I very nearly forgot I had to write this. I blame it on the constant whisking away Chanel is famous for: whisked away from New York to Hamburg, Germany, birthplace of Karl Lagerfeld; whisked away to the Steinway factory where we watched pianos — the narrator of all great dramatic scenes — be made by hand; whisked away to the city’s famous Christmas markets; to the hotel; to the Elbphilharmonie, Hamburg’s new acoustic concert hall and grand venue of Chanel’s Métiers d’Art show.
There, the conductor stood in the middle of the stage, lifted his arm to signal the crescendo of music, and as though he were the wizard in Fantasia and all of us had been brooms before that moment, we and the venue and the models came alive with the flick of his baton in an instant, whisked into the world of fantasy as Lagerfeld wants you to see it.
First, I’d like to eat my words: when it comes to the collection’s main accessory, those short-brimmed nautical hats have won. I like them. (I’m still anti-newsboy, but these are different. They’re elbseglers.)
The hats, the clothes and the theme were a salute to Lagerfeld’s childhood German port city and a tribute to the sea. Women, men and that very cute kid were dressed just a bit like sailors, with an era-dusting of 1960s. But for all the on-the-nose literal hints, like anchors on the front of the hats and sailor capes, there was nothing so kitschy you wouldn’t wear it. The whole collection was wonderful. (Chanel is not just Chanel because it’s Chanel, you know — there’s beauty, elegant design and hand-touched skill).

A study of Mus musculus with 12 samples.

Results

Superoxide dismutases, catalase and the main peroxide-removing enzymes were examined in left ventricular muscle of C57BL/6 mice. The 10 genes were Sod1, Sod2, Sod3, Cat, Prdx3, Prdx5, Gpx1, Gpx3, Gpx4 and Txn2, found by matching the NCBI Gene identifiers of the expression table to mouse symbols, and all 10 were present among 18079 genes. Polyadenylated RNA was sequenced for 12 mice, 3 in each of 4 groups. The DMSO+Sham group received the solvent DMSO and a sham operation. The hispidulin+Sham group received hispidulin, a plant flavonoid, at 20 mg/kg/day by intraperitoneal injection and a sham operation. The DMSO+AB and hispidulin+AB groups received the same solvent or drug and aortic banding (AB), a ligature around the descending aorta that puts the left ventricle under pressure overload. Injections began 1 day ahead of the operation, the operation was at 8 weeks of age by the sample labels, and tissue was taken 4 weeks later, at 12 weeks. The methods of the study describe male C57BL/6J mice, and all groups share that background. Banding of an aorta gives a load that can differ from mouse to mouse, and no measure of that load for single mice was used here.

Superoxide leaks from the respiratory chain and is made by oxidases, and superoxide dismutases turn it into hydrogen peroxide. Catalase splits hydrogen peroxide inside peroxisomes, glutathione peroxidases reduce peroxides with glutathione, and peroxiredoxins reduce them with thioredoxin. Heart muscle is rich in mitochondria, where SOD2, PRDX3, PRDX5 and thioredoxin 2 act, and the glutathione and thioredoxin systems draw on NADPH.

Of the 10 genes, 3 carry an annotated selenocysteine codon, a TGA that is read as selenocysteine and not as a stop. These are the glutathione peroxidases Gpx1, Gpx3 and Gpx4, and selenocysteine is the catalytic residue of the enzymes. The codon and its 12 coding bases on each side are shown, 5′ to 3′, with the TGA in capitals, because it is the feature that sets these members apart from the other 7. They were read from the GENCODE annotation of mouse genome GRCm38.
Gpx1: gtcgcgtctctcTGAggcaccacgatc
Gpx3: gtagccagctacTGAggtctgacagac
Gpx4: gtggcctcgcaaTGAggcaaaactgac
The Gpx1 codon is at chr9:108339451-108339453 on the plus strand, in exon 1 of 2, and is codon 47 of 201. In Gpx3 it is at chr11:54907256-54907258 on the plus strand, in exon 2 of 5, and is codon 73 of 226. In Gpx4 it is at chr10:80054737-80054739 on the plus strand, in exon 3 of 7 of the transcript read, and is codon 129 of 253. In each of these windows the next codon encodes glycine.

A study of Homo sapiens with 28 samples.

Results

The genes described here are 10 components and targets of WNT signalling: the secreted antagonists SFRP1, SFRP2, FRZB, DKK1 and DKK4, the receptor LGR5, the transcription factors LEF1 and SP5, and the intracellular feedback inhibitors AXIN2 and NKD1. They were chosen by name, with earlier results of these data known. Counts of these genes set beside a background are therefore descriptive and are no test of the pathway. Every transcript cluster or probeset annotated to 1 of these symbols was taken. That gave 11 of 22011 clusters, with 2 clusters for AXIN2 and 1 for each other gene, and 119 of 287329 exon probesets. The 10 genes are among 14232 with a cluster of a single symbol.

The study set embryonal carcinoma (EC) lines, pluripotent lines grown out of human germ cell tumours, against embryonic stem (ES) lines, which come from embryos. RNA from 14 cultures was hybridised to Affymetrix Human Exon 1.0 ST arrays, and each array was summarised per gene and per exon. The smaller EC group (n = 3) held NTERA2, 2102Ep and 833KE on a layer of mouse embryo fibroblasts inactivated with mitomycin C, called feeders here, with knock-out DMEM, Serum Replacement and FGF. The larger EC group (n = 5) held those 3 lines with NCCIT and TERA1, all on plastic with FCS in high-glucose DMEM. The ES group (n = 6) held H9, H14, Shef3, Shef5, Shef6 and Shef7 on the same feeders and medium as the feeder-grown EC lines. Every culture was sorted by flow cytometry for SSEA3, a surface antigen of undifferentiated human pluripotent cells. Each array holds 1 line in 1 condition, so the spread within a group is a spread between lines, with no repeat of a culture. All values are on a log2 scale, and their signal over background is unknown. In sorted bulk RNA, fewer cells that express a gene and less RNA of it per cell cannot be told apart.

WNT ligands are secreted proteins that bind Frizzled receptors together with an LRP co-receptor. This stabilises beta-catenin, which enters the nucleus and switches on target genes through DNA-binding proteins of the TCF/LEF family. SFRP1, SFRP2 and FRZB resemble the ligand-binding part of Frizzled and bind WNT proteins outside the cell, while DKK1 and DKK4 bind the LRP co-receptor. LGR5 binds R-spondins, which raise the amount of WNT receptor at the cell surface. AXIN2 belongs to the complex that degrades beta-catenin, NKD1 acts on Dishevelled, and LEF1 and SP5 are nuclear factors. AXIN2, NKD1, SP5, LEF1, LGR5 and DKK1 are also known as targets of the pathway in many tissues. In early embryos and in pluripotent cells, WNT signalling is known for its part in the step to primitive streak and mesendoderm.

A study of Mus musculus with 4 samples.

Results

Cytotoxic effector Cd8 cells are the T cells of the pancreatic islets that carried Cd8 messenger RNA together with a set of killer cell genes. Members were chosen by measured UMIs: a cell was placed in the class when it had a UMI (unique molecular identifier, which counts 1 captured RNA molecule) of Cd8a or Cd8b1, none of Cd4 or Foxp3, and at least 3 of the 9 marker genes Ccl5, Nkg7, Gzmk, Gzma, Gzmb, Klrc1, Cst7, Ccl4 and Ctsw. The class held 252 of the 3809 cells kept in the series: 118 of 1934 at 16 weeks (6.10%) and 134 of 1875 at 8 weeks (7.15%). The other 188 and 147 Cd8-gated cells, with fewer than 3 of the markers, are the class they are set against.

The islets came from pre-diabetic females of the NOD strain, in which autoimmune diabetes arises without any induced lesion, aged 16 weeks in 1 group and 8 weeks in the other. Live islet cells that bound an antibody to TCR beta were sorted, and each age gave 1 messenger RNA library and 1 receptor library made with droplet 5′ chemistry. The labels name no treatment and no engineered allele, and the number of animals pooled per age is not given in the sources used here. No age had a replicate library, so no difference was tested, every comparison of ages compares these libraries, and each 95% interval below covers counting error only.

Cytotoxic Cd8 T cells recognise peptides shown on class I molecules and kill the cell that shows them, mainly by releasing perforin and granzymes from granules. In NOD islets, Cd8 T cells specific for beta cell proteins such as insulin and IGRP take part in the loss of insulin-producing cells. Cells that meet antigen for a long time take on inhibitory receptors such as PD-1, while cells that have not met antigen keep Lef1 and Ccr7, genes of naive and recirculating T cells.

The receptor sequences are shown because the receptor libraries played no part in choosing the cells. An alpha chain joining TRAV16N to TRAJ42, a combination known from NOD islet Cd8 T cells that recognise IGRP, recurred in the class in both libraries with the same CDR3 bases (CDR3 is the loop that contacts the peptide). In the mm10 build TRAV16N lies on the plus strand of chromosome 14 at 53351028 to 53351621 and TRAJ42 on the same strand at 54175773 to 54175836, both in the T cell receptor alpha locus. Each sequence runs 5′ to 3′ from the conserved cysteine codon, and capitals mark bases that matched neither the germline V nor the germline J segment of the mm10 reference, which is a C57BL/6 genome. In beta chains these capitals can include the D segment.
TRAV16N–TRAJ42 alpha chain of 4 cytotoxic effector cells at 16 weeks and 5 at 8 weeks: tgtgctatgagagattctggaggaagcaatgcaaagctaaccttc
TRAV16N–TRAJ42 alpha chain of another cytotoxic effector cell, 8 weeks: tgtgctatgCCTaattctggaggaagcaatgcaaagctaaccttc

Personally, I would like to wear the slightly flared wide-leg trousers immediately. I would like all the Kira-Kira-sparkles. I want to shoot the puffy dinner jackets, the leather-trimmed A-shaped mini dress; I want to bury my face in the various fluffs of plumes, and I now believe everyone including children need to own a tuxedo.
Critically, it was interesting to read something Suzy Menkes wrote shortly after: “the designer has not devised a collection based on nostalgia.” I had written down (far less eloquently) the same thing. Lagerfeld may reference the past, but he’s not so precious about it. He respectfully acknowledges it and moves forward.
His devoted fans move forward with him. In the crowd of VIPs, women of a certain age, as they say, wore designs from his most recent season — the fun stuff, not just suited tweed. Also in the crowd were kids. There’s a very natural blending of tradition and youth in all that surrounds Chanel. I suppose that’s the ideal blend for any storied design house.
At the Steinway factory, after the tour had finished and a mini concert had been given, Tim Blanks, Business of Fashion’s Editor-at-Large and longtime fashion journalist, asked the pianist, post-bow, a question:
“Was that Radiohead I heard you play?”
“Radiohead-ish,” the pianist responded. He explained he sometimes weaves in bits of the rock band’s songs into classical piano pieces. The blending of old and new: I suppose it’s a universal technique that allows us to feel connected to the present, before it registers we’re living it.
Following the show, it was off to the afterparty, where a smoky fog masked a massive warehouse, all dark and romantic, everything made of wood. Men greeted us from the railings with German folksongs, and I imagined we were all bearded sailors preparing to crew a ship inside a dream, whisked away and up by the entire Chanel team.
As they say of the whisk — the baking tool that whips eggs into froth, and of conductor’s batons, and magic wands: it’s all in the wrist.
Feature photos by Stephane Cardinale – Corbis/Corbis via Getty Images; Runway photos via Vogue Runway.